For the first time in the history of TCM, we go camping in a Northern Lite Special Edition truck camper. After four days of camping and crustaceans, here’s our full review.
If you clawed your way through our Lobstah Bash coverage, you already know how excited we were to finally, at long last, after more than six years of publishing TCM, actually go camping in a Northern Lite truck camper.
This excitement was compounded by our general affinity for Northern Lites. Put bluntly, this is our kind of truck camper; non-slide, wet bath, straight kitchen, thermal windows, and a luxurious interior. Some folks demand a slide out or three, others run at the mere mention of a wet bath, but not us. We like our camper designs old school; yet refined.
But before Northern Lite pops the bubbly and settles in for an easy five star review, it’s time for a reality check. All of our impressions of Northern Lite Special Editions prior to this experience were made at the Northern Lite factory, at RV shows, or on dealer lots. The campers were static, empty, and showroom perfect.
As soon as Bill Penney, Owner of Truck Camper Warehouse, had loaded the Northern Lite 9-6 Special Edition, Angela was already scheming of ways to borrow this camper for an exceptionally long test drive (think years), but how would we feel after four days of real world truck camping experience?
There’s only one way to find out. Let’s camp.
Before we dive into this review, we want to call to your attention a lucky lighting strike. The 2012 Ford F-350, single rear wheel, 6.7 diesel and a 2012 Northern Lite 9-6 Special Edition rig we borrowed was exceptionally well matched for payload and center of gravity. As the self appointed Chief of the Weight Police, I was down right giddy about this combination. Yes, I said giddy.
In an ideal world, we would be able to payload match the trucks and campers that we review. In reality, finding available truck camper ready trucks can be a real challenge. While most manufacturers and dealers have at least one truck that we can borrow, some do not, while others cannot spare their truck for an off-site review. We can use our own truck, but that limits us to long bed campers within a few hundred miles of us.
Whether we use an industry sourced truck or our own truck, it’s very likely that the truck and camper combination will not be properly payload matched. As a magazine that takes properly matching a truck and camper very seriously, this is a frustrating dilemma.
When we opened the driver’s side door on the 2012 Ford F-350 SRW 6.7 diesel Lariat I was thrilled to see a payload capacity of 3,527 pounds (center yellow sticker). This was especially impressive given the list of heavy options this truck has including the diesel engine, four-wheel drive, and Lariat model features. Could it be that I won’t have to write myself a ticket for violating my own truck and camper guidelines?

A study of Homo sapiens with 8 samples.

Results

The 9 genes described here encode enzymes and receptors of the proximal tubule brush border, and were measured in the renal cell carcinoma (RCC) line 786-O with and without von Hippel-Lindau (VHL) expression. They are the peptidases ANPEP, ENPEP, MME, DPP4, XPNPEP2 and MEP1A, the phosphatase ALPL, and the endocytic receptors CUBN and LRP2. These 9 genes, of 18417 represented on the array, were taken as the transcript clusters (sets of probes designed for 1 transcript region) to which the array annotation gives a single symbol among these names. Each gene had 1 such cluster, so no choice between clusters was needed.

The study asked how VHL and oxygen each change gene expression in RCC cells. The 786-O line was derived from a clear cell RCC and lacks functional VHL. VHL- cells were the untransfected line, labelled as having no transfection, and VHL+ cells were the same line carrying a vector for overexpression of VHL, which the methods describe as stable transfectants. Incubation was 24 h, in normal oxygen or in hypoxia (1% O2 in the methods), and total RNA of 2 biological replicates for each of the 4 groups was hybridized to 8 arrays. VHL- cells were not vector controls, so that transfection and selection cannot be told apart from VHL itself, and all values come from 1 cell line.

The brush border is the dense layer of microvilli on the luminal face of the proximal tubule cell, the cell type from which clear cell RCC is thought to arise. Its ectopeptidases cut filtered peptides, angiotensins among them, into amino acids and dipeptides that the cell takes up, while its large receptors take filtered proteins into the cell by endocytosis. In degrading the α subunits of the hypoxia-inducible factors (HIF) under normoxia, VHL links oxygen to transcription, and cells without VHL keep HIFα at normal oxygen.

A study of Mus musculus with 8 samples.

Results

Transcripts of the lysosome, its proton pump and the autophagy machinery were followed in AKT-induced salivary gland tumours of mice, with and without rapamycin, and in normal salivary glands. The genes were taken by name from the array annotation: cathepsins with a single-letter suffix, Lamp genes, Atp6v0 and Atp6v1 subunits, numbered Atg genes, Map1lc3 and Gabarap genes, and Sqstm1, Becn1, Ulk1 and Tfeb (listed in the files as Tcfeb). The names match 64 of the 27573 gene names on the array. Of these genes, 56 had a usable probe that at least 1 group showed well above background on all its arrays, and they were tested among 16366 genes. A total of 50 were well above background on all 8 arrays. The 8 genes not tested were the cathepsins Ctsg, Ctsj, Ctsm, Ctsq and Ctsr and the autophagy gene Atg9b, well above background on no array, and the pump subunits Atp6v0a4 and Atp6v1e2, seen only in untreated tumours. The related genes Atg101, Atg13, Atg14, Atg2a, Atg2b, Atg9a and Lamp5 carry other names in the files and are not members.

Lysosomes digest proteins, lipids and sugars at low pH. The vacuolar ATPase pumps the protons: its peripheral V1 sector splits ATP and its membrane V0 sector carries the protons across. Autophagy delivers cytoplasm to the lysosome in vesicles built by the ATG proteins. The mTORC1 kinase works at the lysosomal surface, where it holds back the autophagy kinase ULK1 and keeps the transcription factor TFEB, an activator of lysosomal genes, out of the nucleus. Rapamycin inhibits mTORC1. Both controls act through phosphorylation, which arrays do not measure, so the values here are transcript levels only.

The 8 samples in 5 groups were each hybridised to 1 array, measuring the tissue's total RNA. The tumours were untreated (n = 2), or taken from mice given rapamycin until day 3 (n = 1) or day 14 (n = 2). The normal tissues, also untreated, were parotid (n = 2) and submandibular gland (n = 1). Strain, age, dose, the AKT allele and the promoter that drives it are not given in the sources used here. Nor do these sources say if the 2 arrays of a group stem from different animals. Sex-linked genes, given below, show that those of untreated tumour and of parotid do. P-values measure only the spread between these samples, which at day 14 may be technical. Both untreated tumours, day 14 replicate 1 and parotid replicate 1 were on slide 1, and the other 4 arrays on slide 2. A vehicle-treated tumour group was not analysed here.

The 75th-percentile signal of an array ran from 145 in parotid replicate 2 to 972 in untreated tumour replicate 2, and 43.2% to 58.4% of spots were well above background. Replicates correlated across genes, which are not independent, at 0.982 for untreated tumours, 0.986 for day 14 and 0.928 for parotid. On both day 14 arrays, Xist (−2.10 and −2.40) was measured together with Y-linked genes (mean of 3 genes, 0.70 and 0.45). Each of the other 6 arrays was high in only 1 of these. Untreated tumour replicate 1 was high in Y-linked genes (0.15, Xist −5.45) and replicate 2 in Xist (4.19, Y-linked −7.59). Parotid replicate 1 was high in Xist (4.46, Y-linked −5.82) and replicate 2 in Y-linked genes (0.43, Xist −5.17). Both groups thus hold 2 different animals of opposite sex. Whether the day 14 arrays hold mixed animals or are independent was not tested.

According to our Northern Lite Buyers Guide, the 2012 Northern Lite 9-6 Special Edition has a dry weight of 2,625 pounds. Our Buyers Guide wet weight for the 2012 Northern Lite 9-6 Special Edition is 3,553.5 pounds. That puts this rig just 26.5 pounds over payload with a full fresh tank, full hot water heater, full propane, two batteries, and 500 pounds of stuff. Considering that we removed the tailgate (around 50 pounds), I’d say this rig is a perfect match.
When we checked the weight sticker on the actual 2012 Northern Lite 9-6 Special Edition we were reviewing, the dry weight was 2,570.5 pounds.
Perhaps what’s even more impressive is how loaded to the gills the 2012 Ford F-350 6.7 diesel Lariat was. Even with the diesel engine, four wheel drive, and all the nice features that come with the Lariat package, this rig was payload matched.
It was all I could do to convince Angela that we shouldn’t head for the border with this beautiful truck and camper and disappear into truck camping paradise. She kept saying, “I’m not giving this back”. She was mostly kidding.
I reviewed a similar Ford F-350 Lariat that we borrowed from Lance Camper last summer for Angela’s now famous, Warrior Dash story. I’m still very impressed with how quiet and smooth the 6.7 diesel engine is and was happy to see how the interior fit, finish, and materials had seemingly improved a notch since 2011.
We were both very impressed with the Lariat electric leather seats which offered excellent support, including adjustable lumbar support. I was able to make subtle adjustments with the electric controls to make the seats even more comfortable.
For the adventurous, the front seats are also heated and cooled. I turned the seat air conditioning on all the way up and sure enough it starts to seriously freeze your butt. Angela was more impressed with how the drivers seat had memory and would return to where she left it each time she got in the truck. Unfortunately, Angela refused to try freezing her butt like I did. Maybe next time.